In fact, check out this 2007 post by John Sickels trying to figure out who was the better prospect -- Wood or Ryan Braun:
Summary I rate them as even on background/intangibles. Wood has a slight edge on tools. Braun has the edge on current performance. Wood has more projection. Overall Wood comes out just a hair ahead.Wood is just a classic case of prospects never being a sure thing. He kept hitting for power in the higher levels, but he never seemed to be able to figure out big league breaking pitches. Wood's development peaked at Triple A. We're not even sure if Braun has peaked yet, as his plate discipline continues to improve.
I only bring this up because some have suggested that the Brewers take a look at Wood. With Yuniesky Betancourt at short, whenever an infielder becomes available, it's only natural for a lot of us to wonder if it would be worth the move. Wood had a good reputation as a defender in his days at a highly-ranked prospect, but so many years at third base makes you wonder if he can still play shortstop. The Brewers could always put in a waiver claim, but if teams like Pittsburgh are interested, they'll never get the chance to snatch him up. As a guy who's probably a career backup at best now, it's probably not worth it to give up anything of value in a trade.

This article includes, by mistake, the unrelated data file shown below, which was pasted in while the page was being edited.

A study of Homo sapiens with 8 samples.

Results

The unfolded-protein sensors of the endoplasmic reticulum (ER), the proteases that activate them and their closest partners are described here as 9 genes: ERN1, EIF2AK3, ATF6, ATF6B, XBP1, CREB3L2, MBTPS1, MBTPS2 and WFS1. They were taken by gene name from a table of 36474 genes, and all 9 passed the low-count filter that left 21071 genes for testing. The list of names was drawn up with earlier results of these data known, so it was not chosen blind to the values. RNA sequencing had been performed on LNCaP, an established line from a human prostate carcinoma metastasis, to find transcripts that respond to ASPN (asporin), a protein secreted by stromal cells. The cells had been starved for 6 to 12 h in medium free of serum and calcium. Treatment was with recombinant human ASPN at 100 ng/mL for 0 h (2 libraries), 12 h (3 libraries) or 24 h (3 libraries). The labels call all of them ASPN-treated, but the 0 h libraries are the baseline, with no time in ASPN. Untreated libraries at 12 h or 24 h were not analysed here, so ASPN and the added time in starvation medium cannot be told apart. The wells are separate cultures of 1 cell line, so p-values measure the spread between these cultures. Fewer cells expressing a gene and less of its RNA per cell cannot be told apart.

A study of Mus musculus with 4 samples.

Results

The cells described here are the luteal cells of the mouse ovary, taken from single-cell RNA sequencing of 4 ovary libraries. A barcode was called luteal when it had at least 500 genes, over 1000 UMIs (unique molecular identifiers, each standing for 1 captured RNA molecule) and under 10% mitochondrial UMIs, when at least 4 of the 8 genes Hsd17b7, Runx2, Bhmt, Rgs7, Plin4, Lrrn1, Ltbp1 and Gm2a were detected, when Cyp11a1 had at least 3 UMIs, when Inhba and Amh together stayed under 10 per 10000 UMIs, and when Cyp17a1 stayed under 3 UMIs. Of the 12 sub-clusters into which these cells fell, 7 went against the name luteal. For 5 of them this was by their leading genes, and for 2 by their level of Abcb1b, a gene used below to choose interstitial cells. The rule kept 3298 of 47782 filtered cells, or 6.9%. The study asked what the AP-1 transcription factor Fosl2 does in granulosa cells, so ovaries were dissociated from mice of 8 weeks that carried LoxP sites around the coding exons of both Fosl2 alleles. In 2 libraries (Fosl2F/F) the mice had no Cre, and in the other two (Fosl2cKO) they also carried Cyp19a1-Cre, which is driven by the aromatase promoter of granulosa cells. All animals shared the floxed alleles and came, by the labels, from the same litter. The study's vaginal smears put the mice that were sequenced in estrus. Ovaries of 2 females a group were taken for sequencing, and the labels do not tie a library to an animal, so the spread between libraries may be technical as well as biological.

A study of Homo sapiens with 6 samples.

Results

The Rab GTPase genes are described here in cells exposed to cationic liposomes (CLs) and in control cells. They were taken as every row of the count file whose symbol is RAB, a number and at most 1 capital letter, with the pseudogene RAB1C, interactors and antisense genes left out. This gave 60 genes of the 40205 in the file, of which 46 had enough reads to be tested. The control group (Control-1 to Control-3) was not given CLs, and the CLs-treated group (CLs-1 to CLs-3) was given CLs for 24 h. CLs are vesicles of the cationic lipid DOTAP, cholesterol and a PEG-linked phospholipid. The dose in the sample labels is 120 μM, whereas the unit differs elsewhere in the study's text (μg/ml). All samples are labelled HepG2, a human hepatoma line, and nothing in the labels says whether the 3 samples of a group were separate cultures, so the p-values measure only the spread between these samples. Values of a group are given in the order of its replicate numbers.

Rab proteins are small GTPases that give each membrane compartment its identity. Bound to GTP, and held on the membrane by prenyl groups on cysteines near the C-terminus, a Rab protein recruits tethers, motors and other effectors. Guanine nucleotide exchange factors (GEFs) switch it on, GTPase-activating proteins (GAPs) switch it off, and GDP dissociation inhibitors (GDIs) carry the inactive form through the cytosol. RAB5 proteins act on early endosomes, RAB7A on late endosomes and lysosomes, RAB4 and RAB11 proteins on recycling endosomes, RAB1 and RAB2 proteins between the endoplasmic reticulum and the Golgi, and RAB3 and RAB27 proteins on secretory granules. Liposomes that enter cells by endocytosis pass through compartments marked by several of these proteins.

To me, he seems like he would be an upgrade over Craig Counsell as the primary backup in the infield, and there's always the chance he could put that power to good use as a pinch-hitter. At age 26, though, it doesn't seem likely that he'll suddenly learn how to hit a curveball, and with Eric Farris playing in Nashville, claiming/trading for Wood would be more luxury than necessity. If Wood has any prayer of making it as a big league regular, he'll need a real chance to start. That wouldn't happen in Milwaukee, and that's the main reason why I don't think a stint with the Brewers would work.